FACING IMMIGRATION: Nearly 200,000 people of Haitian descent are battling controversial immigration laws in the Dominican Republic

ALMOST 200,000 Dominican-born people of Haitian descent are battling controversial immigration law that has stripped them of their birth nationality and will now force them out of the country.

New laws introduced in the Dominican Republic last year to tackle illegal immigration have resulted in the mass deportation of hundred of thousands of the migrant community who fail to produce the appropriate paperwork.

Human rights groups have criticised the move as being rooted in generations of racism and xenophobia towards darker-skinned Haitians.

Thousands of residents from neighbouring Haiti face being deported as the new immigration law comes into effect today (June 18).

As part of the requirements to obtain legal stay, non-residents will be expected to show the necessary documents to prove that they have been in the country before October 2011.

Human rights groups say the 2014 law could impact as many as 200,000 Dominican-born people of Haitian descent who lost their Dominican citizenship after a constitutional court ruling in 2013 reversed the right of citizenship for foreigners born in the Dominican Republic, stripping children of Haitian migrants of their Dominican nationality.

Haiti and the Dominican Republic together form Hispaniola, the second largest island in the Caribbean after Cuba.

Over the last century it is expected that countless number of Haitians have crossed into the Dominican Republic in search of greater job prospects or to escape political violence.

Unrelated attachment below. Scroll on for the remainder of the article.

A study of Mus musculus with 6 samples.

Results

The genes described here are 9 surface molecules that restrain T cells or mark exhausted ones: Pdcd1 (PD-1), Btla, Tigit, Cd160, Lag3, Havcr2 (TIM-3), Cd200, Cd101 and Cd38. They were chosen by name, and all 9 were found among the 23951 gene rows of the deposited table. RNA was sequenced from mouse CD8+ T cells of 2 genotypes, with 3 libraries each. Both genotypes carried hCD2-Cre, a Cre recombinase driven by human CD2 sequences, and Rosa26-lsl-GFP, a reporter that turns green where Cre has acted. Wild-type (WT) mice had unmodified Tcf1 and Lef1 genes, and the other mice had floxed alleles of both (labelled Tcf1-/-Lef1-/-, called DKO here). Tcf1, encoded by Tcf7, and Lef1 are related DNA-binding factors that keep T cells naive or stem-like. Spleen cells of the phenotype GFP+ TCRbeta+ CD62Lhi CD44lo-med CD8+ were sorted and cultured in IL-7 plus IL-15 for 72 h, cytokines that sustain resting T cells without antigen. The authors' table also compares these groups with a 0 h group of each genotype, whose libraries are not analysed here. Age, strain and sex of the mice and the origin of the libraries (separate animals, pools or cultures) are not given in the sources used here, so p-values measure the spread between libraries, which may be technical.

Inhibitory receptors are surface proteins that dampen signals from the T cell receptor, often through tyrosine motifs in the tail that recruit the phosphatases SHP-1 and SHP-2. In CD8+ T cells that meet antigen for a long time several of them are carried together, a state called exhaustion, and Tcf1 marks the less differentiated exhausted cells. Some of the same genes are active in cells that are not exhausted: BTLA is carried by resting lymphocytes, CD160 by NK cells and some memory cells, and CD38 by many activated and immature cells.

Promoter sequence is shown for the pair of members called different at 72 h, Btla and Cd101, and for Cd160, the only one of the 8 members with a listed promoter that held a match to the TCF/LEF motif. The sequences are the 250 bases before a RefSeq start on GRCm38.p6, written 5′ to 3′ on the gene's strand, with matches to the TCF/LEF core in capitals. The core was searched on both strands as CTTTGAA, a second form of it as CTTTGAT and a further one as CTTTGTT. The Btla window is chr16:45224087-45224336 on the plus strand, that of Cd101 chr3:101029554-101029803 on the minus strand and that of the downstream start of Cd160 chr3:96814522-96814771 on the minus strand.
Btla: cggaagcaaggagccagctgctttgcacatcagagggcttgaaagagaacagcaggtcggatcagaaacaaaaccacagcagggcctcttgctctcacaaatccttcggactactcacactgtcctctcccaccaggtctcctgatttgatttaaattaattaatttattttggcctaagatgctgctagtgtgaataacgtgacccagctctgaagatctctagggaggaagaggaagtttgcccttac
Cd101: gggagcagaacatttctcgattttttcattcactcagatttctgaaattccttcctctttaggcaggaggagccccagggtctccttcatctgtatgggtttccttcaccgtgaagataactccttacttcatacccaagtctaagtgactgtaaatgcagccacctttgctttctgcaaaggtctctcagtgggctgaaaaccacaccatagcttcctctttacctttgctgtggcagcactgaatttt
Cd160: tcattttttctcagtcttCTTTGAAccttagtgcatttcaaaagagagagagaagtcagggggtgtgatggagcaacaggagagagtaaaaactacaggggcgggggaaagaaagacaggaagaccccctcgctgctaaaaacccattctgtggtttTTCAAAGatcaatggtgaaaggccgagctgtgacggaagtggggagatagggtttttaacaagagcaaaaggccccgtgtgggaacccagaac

According to the Interior Ministry it is estimated that there are nearly 500,000 residents who could qualify for residency under the new programme but only half have submitted applications and only a fraction of that have produced sufficient documentation. Those deemed eligible would earn a two-year temporary migrant status.

As fearful migrants flock to government offices in that capital of Santo Domingo, some have waited as long as four days to submit residency applications as the deadline for registration looms.

The Dominican army are reported to have 2,000 troops on standby to coordinate the removal of people who fail to meet legal requirements to remain in the country.

Minister of the Interior and Police, Monchy Fadul, has said those who remain in queues and within the specified area after the deadline will still be attended to.

Dominican President Danilo Medina has assured concerned human rights groups that there will be no mass deportations however local media have reported that the government has dozens of buses ready to transport undocumented people to the Haitian border.

In anticipation to receive some of its nationals, the Haitian government has cleared a field near the border-crossing point at Malpasse to provide assistance to people who have been deported.